Two Years After the COVID Shutdown: How Rock Music Has Survived
Nothing could have prepared musicians and others in the music industry for the arrival of COVID-19 in March 2020. After the World Health Organization declared a pandemic on March 11, 2020, the industry, like everything else, was forced to accept a harsh reality: Things weren't going to be the same for a long time, perhaps ever.
Two years later, the WHO's declaration leads to a couple of questions: How has the industry been affected since then and where does it stand now?
The answer is complicated. In some respects, it may appear as though things are steadily returning to what fans once considered "normal." Concerts, tours and festivals have been rescheduled, venues rebooked and seats filled, but the journey to get to this point hasn't been easy. And it's far from over.
It helps to look back to the beginning when the pandemic first struck and thousands of artists, venues and industry workers were forced out of jobs. But people adapted. Artists who were used to recording in studios with others found themselves tracking songs remotely from their homes and stitching the pieces together as they stayed physically away from each other. )Many artists have continued this practice, even as in-person studio work slowly resumes, citing the ability to collaborate with musicians from around the world.) Artists also performed livestreams from their homes with virtual tip jars or sat on their porches and performed to masked outdoor attendees.
At the beginning of 2021, as vaccine programs rolled out across the world, in-person shows and events began to ramp up, but it wasn't a return to normalcy. Venues, promoters and artists had to make decisions about capacity restrictions and vaccination requirements, which has caused controversy within the industry, as some artists and fans claim that such constraints against unvaccinated individuals make for a "discriminated" audience (as Eric Clapton, a noted anti-lockdown advocate, said last year).
This has also led promoters and ticket sellers to reconsider their refund policies. Last year, multiple major vendors, including Ticketmaster and StubHub, came under fire after fans struggled to receive refunds for their purchases instead of waiting for undetermined rescheduled dates.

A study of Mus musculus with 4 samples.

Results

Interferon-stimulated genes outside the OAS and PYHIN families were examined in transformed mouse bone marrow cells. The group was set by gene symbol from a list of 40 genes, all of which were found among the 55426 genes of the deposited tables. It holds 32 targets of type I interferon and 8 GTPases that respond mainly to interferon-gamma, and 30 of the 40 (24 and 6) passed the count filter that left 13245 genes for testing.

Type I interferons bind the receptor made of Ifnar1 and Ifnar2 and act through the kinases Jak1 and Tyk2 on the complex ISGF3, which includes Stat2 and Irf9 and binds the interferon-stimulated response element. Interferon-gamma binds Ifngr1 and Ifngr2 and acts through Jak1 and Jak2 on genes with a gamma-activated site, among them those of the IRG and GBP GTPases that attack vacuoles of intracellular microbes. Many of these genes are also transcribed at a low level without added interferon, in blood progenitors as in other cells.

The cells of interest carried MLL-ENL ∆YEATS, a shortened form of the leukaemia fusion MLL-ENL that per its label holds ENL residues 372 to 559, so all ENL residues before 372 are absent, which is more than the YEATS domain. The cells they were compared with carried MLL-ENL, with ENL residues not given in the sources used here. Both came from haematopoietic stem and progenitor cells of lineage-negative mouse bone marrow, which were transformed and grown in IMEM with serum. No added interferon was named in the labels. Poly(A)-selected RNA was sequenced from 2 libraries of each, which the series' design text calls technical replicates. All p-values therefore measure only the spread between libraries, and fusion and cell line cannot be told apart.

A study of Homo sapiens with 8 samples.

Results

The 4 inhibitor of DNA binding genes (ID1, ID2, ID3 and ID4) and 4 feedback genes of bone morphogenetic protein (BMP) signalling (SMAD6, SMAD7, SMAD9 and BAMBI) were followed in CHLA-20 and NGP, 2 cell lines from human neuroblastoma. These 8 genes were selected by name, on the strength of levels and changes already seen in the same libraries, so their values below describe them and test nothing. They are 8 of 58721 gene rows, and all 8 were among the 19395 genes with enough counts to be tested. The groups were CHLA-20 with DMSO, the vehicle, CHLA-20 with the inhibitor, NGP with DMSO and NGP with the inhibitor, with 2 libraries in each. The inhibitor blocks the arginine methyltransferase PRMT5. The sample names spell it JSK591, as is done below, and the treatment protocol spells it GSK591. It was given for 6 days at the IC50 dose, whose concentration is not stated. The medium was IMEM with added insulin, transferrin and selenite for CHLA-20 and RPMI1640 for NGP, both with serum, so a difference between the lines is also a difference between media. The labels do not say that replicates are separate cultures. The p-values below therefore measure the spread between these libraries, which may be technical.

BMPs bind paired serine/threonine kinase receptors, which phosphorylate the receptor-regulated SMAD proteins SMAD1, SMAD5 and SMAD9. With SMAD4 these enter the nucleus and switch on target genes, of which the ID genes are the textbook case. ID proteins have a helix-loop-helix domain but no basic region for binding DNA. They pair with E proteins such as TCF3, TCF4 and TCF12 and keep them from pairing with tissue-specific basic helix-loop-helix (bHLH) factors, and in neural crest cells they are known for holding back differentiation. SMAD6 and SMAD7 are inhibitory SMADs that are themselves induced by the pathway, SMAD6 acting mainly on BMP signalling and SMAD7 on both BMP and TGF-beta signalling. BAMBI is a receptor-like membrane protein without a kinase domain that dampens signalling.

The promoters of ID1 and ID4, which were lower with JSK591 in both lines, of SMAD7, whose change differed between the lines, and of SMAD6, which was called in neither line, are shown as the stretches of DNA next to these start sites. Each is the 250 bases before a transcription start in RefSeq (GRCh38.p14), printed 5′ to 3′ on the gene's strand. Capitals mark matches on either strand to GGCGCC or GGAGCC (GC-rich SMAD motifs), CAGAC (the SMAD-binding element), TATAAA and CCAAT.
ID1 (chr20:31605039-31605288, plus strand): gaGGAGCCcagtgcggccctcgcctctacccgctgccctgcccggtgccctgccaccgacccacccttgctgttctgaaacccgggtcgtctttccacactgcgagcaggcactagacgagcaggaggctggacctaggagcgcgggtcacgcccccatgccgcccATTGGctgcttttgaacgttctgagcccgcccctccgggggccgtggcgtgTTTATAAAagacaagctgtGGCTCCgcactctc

Artists who have returned to live performances have drastically reimagined their policies regarding backstage access, meet-and-greets and other in-person events that could affect the safety of staff. Some bands, like Metallica, even invested in hiring trained dogs capable of sniffing out positive coronavirus cases in tour personnel.
According to industry professionals, this new sanitized version of touring has noticeably changed the atmosphere and the nature of the job. “It’s not as much fun as it was,” Ben Bowers, a guitar tech for the band Rival Sons told The Guardian. “If you spend your time touring, you sacrifice a lot of your friendships at home. Your friendships are all over the world, and the road is your social lifeline. But it was like going to an office job where you have to stay in the office at the end of the night. It was really mentally challenging.”
Additionally, the new safety requirements have created a financial burden on tours, especially those by smaller and independent artists who are still struggling to recover. “For anyone going to shows right now, if they have the means to, they should buy merch and support artists in any way they can outside of just buying a ticket,” Ella Williams, a singer-songwriter who records as Squirrel Flower, told NME. “There are a lot more expenses behind the scenes now.”
As cautious as many artists have tried to be, the reality is that nothing is guaranteed. Several big-name bands have had to reschedule or cancel shows entirely due to positive cases. Aerosmith, who haven't performed live since February 2020, recently canceled their European tour, while John Mayer had to pull out of shows twice — once in January with Dead and Company and again in February with his solo tour.
The industry as it stands now is fragile, but not without hope. Even though the amount of shows and festivals scheduled to be performed over the next few months is still far from pre-pandemic numbers, ticket sales have risen.
“We saw a very strong January in terms of the number of tickets sold - it was twice as many as 2019," Fabrice Sergent, a managing partner for the ticket purchasing app Bandsintown, told NME. "It’s about 100 percent gross in 2022 compared to January 2019. It tells the story that there will be an unprecedented level of demand this year.”